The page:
5 Great Fall Leaf Road Trips

Here are our recommendations for where to peep the leaves and enjoy the drive.


Columbia River Gorge, Oregon/Washington

This Pacific Northwest destination is easily accessed from the Portland area. Head west along the river to the Columbia River Gorge National Scenic Area, following Washingtonian roads to the north of the river or Oregonian ones to the south. Washington 14 is the more interesting (read: twistier) route, with plenty of leaf-peeping opportunities and a few scenic turnouts to enjoy. On the Oregon side of the river, travel along the Historic Columbia River Highway and hook up with I-84. Be sure to check out some of the waterfalls along the route, many of which provide the opportunity for a hike. Once it’s time to turn around, cross to the other state at the Bridge of the Gods and take a new way back.

Taos, New Mexico

A couple of hours northeast of Albuquerque lies Taos, an art colony that supplies its own natural beauty. It’s one stop on the Enchanted Circle driving tour; this 84-mile loop also wends its way through Questa, Red River, Eagle Nest, and Angel Fire. If that scenic drive is not enough to sate your leaf lust, make a detour on state Route 150 to Taos Ski Valley and enjoy both the great views of the area and another fun stop, the village of Arroyo Seco, along the way.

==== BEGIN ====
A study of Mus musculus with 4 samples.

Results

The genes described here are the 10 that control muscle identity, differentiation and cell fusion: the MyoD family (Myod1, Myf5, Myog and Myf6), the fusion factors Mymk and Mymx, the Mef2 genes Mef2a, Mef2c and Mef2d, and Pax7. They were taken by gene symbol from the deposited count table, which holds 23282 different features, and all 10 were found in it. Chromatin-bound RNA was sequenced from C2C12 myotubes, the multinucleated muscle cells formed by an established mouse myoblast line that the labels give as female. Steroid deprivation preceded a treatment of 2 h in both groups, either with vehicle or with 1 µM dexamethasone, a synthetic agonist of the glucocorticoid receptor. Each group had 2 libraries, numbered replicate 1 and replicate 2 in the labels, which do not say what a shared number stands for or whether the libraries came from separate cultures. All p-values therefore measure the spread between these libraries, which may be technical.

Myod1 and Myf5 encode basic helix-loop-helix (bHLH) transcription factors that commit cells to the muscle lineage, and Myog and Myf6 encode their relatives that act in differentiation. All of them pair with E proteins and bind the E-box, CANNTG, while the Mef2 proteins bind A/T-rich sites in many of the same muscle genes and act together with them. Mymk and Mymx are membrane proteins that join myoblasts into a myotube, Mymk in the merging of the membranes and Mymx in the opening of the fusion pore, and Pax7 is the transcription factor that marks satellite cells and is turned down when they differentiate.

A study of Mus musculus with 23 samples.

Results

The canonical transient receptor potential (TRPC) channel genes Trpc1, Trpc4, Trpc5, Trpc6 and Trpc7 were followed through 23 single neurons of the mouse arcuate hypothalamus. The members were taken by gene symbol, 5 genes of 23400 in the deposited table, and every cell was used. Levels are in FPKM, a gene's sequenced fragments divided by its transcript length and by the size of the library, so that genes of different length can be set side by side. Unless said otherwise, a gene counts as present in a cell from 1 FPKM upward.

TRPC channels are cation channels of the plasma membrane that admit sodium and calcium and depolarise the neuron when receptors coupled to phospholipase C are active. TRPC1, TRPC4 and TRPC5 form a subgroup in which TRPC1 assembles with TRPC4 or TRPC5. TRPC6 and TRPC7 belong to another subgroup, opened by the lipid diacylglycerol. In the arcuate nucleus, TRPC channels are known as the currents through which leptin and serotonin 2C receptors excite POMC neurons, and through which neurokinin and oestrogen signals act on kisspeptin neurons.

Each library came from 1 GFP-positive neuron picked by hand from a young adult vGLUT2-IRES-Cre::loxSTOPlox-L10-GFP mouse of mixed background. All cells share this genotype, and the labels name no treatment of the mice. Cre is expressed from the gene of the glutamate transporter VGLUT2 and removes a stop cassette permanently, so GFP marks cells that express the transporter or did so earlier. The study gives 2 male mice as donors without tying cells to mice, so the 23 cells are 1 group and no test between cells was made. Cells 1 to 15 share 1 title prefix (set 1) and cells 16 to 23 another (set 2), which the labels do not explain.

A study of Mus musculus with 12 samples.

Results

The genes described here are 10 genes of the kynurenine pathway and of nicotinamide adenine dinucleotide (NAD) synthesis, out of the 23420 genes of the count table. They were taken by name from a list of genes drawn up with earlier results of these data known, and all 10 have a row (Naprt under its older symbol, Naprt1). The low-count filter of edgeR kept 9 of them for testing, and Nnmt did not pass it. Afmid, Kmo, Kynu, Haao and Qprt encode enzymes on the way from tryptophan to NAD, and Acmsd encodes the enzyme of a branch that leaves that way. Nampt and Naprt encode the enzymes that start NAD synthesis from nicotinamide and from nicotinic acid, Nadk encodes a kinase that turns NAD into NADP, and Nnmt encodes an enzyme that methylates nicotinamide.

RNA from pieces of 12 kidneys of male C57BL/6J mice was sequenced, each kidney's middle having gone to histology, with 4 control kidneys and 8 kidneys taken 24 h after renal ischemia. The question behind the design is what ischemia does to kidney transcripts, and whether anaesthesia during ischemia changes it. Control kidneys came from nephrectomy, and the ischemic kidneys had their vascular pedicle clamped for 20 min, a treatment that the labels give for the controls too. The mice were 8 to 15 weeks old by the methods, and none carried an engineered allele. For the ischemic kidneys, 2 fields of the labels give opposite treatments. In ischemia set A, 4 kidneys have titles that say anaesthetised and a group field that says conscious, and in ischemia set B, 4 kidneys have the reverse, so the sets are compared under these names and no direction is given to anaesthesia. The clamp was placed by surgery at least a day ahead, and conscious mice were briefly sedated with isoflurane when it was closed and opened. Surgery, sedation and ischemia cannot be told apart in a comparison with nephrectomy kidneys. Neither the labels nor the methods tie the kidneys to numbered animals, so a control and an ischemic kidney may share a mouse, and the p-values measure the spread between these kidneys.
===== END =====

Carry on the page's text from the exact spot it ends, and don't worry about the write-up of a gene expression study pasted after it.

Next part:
Kancamagus Highway, New Hampshire

Locals call it “the Kanc” for short. This leaf-peeping destination winds through the White Mountains for about 35 miles via New Hampshire 112, from Lincoln east to Conway. You’ll likely run into some traffic as you climb, but that’s just an incentive to park the car and hike into the wilderness for a spell. Getting there is relatively easy; Lincoln is about two hours north of Boston.

Skyline Drive, Shenandoah National Park, Virginia

Follow the Blue Ridge Mountains for 105 miles through this national park. Along the way you’ll take in the changing birches, maples, and oaks. Stop in Skyland for a meal or a place to stay the night. The park is about an hour and a half to the west of Washington, D.C., and an easy drive from that area’s major airports.

Essex Coastal Scenic Byway, Massachusetts

This 90-mile roadway meanders along the Atlantic coast through 14 seaside communities, providing plenty of places to stop and relax between hard-core leaf-hunting sessions. From Lynn at the south to Salisbury at its north end, the Massachusetts byway offers views of fall foliage and the ocean, and its outset is a mere half-hour’s drive from Boston.

David Gluckman has over a decade of experience as a writer and editor for print and digital automotive publications. He can parallel park a school bus, has a spreadsheet listing every vehicle he’s ever tested, and once drove a Lincoln Town Car 63 mph in reverse. When David’s not searching for the perfect used car, you can find him sampling the latest gimmicky foodstuffs that America has to offer.